The peak consumption of tobacco came in the mid-1970s. Since then, there has been an unrelenting fall, with the timing of the downturn broadly coincided with the increasing prominence given to the link between smoking and early death and a range of government regulations aimed at reducing smoking rates.

Most recently, the introduction of plain packaging laws, together with hefty increases in excises – taxes in other words – has continued to drive the consumption of tobacco lower.

The decline in the volume of tobacco consumed in Australia has crashed a staggering 24.4 per cent since the plain packaging laws were introduced at the end of 2012. This is despite population growth of around 8.5 per cent over that time.

Factors other than the introduction of plain packaging laws were also driving smoking levels lower – as noted, the sharp rise in excise taxes, many years of health awareness, tobacco advertising bans, restricting smoking in public places and even the fact many smokers have died and therefore are not buying tobacco products are all driving smoking to record lows.

Many of these changes are government regulations, taken against the wishes of the tobacco companies and tobacco retailers and reflect a government commitment to improve the health of the population.

Since 1975, Australia’s population has roughly doubled, yet the volume of tobacco consumed has plummeted by more than 65 per cent.

All of this goes to show that well crafted government regulation can achieve desired outcomes.

Let’s think of a few other issues where government regulation might work.

Obesity could easily be reduced if there was a tax on sugar, a massive awareness campaign highlighting healthy lifestyle choices, restrictions in junk food advertising and even plain packaging on food products that make people fatter.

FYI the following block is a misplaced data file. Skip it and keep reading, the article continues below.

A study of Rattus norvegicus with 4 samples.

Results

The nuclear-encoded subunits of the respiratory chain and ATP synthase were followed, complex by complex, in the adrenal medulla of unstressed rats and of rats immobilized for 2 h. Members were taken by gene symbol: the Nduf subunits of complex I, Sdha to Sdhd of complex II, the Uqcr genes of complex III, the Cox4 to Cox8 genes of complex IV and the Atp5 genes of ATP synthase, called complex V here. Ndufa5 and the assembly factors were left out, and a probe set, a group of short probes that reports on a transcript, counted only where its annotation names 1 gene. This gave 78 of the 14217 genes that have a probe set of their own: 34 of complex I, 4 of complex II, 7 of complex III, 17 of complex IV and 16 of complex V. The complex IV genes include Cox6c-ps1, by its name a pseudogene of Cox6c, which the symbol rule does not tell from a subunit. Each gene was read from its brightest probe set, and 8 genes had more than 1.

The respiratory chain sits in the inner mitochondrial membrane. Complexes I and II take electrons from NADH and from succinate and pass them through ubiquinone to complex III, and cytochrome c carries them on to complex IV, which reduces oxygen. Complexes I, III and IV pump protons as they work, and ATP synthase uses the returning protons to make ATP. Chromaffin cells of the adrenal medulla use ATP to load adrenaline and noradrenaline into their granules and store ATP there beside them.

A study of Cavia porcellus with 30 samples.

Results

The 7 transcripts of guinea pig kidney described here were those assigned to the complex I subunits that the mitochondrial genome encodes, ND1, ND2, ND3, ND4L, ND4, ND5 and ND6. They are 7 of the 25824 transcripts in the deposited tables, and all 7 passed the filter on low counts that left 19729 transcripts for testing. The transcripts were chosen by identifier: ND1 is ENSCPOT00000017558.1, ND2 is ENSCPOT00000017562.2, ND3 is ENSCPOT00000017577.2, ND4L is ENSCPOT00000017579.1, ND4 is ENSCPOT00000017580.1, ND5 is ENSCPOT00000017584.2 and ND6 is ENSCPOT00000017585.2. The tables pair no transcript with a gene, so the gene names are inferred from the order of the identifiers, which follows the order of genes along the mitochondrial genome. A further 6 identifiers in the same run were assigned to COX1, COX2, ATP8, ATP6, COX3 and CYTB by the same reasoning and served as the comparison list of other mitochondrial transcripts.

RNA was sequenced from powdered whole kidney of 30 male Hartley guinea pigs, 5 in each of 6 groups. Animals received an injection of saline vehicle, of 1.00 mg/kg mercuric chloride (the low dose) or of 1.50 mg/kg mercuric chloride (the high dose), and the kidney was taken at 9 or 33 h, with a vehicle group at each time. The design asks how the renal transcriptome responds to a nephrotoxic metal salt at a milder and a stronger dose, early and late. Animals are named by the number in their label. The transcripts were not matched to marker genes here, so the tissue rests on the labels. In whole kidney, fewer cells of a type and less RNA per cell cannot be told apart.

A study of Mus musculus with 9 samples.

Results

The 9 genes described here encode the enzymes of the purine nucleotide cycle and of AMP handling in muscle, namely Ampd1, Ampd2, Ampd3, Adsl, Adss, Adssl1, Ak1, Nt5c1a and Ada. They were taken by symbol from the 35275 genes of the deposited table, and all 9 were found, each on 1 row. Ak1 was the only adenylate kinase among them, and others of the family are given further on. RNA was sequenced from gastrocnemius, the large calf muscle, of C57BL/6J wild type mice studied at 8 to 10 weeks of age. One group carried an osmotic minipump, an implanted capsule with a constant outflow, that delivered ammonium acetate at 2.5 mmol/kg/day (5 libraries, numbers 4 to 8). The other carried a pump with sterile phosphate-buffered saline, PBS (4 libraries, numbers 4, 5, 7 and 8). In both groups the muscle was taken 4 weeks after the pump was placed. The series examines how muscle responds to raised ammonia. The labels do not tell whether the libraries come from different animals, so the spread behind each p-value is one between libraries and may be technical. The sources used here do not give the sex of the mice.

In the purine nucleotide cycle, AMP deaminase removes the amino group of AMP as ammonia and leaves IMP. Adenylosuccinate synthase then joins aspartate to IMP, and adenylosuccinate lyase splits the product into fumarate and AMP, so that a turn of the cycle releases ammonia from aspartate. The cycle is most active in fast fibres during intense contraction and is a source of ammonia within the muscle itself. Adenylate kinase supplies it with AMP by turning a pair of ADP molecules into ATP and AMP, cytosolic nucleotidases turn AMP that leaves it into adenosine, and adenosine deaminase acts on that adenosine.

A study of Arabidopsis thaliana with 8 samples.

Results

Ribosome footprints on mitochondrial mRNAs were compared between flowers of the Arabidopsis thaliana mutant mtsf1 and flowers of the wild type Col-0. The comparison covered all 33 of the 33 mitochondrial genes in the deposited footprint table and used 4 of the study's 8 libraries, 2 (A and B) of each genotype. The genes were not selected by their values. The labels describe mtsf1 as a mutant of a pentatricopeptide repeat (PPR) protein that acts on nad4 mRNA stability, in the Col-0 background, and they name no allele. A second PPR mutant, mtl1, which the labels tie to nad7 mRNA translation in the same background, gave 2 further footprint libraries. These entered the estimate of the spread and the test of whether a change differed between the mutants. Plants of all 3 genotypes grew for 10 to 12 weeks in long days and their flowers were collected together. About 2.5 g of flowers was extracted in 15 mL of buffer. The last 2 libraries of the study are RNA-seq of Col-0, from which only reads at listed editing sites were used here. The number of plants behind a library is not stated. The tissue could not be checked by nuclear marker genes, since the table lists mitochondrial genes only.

This mix of policies would work.

In a different area, the number of road death have been reduced over the past few decades with drink and drug driving laws, speed cameras, greater enforcement of speed limits, seat belts, higher fines and awareness campaigns such as stop, revive, survive all impacting.

Then there is climate change.

A price on carbon would see carbon emissions fall, and government funding of renewables would accelerate the path to lower carbon emissions as wind and solar accounted for an increased share of electricity output. It is only political will or the lack thereof that is keeping Australia’s per capita carbon output among the highest in the world.

Sometimes, the general population is annoyed at the level of government intervention in the economy and their day to day lives.

Extra costs, red tape and compliance issues are indeed annoying when the government implements policy wide-reaching regulatory changes.

But sometimes the government gets the policy setting right.

The strategy to reduce and hopefully eliminate smoking is one of those times.

There should be consideration to using a similar approach to target other areas which will improve living standards.